Labels are a good idea in principle: they are designed to provide information on the product’s special features and the conditions under which it was produced. And help buyers in deciding whether to make the purchase – or not.
The problem today, though, is that there is almost no food product without a label – for dairy goods alone there are more than 30. And this tends to create more confusion than clarity. One example are the logos for foods from the surrounding region. These focus on local suppliers. But this doesn’t mean that the goods are necessarily produced on an environmentally or animal-friendly basis – even if the green colour in the logo suggests as much.
Finding it out for yourself
Consumers wishing to get a better picture have no choice but to find the information themselves. Assessments made by environmental or consumer protection organisations will help (see list below). This makes it easier to find out what the labels focus on and which labels actually deliver added value: with information on working conditions, for example, biodiversity, or animal husbandry.
But: “Food labels are not the all-round solution,” says Corina Gyssler from WWF Switzerland. Anyone who eats fish on a daily or weekly basis, for example, still contributes to the over-exploitation of the oceans – with or without an environmental certificate. And besides, there are doubts about fish labels, too. While Aquaculture Stewardship Council (ASC) and Marine Stewardship Council (MSC) have a good reputation, the "Friend of Sea" label comes way down the list.
Rating list: these labels represent sustainable products
Thirty-one labels were rated by the Swiss Foundation for Practical Environmental Protection (Pusch), WWF, Helvetas and the Foundation for Consumer Protection. The topics under examination were the environment (water, soil, climate, biodiversity), social aspects, animal welfare, management, processes and control. Several labels earned ratings of "excellent" or "highly recommended". All the consumer guides can be seen at www.labelinfo.ch and www.wwf.ch/foodlabels and are also available as a leaflet or app.
Knospe Bio/Knopse Bio Suisse: One of the best-known labels. It achieved above-average scores in all topics and product groups.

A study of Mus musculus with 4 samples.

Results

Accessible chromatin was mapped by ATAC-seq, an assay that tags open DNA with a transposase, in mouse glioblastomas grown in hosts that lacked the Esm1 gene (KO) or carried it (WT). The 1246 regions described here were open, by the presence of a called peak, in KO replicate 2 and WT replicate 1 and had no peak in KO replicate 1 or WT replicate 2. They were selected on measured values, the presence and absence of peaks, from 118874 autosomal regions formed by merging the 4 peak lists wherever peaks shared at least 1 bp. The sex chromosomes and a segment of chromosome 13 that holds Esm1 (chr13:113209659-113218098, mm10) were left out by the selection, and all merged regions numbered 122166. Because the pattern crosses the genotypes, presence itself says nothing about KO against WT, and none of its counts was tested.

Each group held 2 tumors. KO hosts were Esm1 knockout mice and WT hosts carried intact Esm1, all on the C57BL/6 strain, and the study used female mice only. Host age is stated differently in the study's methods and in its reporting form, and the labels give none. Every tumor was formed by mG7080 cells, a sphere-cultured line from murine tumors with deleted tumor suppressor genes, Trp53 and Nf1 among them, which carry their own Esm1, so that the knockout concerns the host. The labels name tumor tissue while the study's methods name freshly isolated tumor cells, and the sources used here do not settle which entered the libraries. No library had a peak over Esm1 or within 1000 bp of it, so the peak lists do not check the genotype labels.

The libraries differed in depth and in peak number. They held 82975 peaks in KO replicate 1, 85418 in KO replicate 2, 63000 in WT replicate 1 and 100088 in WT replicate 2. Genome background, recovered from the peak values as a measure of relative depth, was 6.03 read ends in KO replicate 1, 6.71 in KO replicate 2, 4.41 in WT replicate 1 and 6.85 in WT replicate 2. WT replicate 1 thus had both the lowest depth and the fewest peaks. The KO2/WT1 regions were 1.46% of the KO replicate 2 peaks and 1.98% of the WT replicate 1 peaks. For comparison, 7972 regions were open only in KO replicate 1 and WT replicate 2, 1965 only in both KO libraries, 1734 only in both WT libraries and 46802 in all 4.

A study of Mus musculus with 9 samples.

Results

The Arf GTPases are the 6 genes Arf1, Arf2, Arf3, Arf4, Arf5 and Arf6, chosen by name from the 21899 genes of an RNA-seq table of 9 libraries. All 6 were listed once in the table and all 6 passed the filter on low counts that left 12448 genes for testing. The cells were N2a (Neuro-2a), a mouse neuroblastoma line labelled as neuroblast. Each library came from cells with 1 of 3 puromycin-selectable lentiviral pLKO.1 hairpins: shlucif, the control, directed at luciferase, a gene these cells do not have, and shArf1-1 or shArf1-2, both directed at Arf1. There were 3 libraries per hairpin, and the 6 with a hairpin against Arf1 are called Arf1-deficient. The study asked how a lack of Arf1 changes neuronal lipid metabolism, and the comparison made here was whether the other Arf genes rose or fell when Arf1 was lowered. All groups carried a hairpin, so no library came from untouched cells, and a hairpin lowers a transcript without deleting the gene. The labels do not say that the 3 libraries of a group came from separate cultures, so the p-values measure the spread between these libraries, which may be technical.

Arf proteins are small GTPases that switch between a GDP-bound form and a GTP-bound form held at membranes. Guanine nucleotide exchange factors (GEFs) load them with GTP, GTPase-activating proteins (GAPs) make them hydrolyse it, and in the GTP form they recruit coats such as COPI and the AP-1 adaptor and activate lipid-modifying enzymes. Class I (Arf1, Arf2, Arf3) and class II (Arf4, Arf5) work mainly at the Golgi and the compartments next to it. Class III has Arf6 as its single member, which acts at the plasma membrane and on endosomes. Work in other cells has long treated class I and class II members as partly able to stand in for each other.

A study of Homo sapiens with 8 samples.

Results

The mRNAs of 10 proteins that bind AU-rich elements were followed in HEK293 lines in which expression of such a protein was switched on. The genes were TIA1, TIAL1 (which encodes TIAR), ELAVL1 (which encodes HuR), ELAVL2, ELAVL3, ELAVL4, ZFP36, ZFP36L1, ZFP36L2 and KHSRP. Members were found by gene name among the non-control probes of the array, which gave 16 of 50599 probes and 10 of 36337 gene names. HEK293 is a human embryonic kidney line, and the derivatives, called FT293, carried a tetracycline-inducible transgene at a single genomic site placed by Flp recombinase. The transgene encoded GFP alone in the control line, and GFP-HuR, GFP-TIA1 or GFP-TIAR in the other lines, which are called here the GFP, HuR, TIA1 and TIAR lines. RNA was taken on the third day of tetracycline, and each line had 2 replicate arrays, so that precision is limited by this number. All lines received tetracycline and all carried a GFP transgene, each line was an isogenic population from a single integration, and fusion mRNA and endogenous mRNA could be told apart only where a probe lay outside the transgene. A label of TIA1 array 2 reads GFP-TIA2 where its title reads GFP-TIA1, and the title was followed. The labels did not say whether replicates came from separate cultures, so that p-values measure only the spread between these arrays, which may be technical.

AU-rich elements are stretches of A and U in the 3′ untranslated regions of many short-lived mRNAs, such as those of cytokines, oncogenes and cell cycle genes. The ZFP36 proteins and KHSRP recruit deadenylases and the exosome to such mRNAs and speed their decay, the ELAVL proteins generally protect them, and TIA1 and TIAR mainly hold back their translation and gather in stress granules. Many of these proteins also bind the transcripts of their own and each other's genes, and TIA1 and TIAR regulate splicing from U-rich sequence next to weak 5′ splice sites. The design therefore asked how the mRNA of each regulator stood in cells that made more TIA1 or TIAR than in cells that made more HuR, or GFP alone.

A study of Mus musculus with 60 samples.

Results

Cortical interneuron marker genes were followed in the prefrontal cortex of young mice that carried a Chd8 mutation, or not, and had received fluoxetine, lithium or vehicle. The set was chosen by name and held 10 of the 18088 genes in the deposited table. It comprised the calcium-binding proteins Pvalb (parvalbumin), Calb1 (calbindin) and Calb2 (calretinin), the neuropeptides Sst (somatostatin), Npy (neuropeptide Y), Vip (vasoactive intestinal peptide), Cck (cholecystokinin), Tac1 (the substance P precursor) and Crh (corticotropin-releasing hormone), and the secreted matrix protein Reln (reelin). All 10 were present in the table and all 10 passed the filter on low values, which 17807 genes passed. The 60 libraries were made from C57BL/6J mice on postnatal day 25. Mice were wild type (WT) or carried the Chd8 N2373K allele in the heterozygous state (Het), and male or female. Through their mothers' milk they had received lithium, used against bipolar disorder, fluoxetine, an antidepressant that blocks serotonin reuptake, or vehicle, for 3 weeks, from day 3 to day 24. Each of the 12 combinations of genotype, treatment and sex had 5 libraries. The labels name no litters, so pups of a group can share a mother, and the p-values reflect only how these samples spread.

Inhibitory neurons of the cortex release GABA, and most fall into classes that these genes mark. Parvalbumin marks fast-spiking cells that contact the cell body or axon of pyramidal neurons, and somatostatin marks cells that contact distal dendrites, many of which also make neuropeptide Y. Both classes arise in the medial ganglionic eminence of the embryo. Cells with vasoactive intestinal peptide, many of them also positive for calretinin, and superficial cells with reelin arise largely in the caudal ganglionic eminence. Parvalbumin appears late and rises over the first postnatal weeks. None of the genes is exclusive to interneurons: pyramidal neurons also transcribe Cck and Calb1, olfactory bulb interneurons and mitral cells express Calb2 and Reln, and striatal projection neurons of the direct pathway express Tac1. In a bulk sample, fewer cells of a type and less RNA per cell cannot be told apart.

Bio natur plus (Manor): Labels products according to Bio Suisse guidelines. In many respects, the standards here are stricter than the legal standards for organic farming. Imported goods are widely avoided.
Naturaplan (Coop): A label for domestic and foreign products based on Bio Suisse guidelines. Here, too, the standards are in many respects more rigorous than the legal requirements.
KAGfreiland: A label for Swiss meat and eggs from organic and animal-friendly farming. The strictest of the rated labels in terms of animal welfare.
Natura-Beef Bio: A label for Swiss beef from suckler cows. The farms are managed according to Bio Suisse guidelines and are subject to strict animal husbandry requirements.
Bio Weide-Beef (Migros): Also stands for organic beef from animal-friendly husbandry according to Bio Suisse guidelines. In terms of animal welfare, the label performs better than Bio Suisse. The cattle are sent to graze outdoors all year round
Delinat: Certified domestic and foreign organic wine. The guidelines cover not only ecological factors, but social aspects too.
Category «Highly recommended»
Bio Organic (Lidl): Fruit, vegetables and southern products are produced according to Bio Suisse guidelines. For imports, the less stringent standards of the EU regulations on organic production apply.
Fidelio: Labels Swiss organic meat from animal-friendly husbandry. The animals go outdoors everyday and are kept in groups, except for the heifers.
Demeter: Stands for bio-dynamically produced food. In Switzerland, the farms must also be certified by Bio Suisse. Less stringent standards apply to imported products.
Claro fair trade: Products from around 200 smallholder cooperatives are sold in compliance with Fairtrade guidelines. Around 75 percent of the range is also certified in accordance with EU regulations on organic production.
Migros Bio: Stands for domestic food products produced in line with Bio Suisse guidelines. Imports are subject to less stringent EU regulations, but with additional requirements such as a ban on air transport.
Max Havelaar: A well-known label for fairtrade products from the south. Social requirements are high, but environmental requirements tend to be low. The Max Havelaar Cocoa label refers to a fairly traded ingredient, such as cacao.
Naturland: The German equivalent to Bio Suisse. It places high social demands on southern products and on aquaculture. Air transport, on the other hand, is not clearly regulated.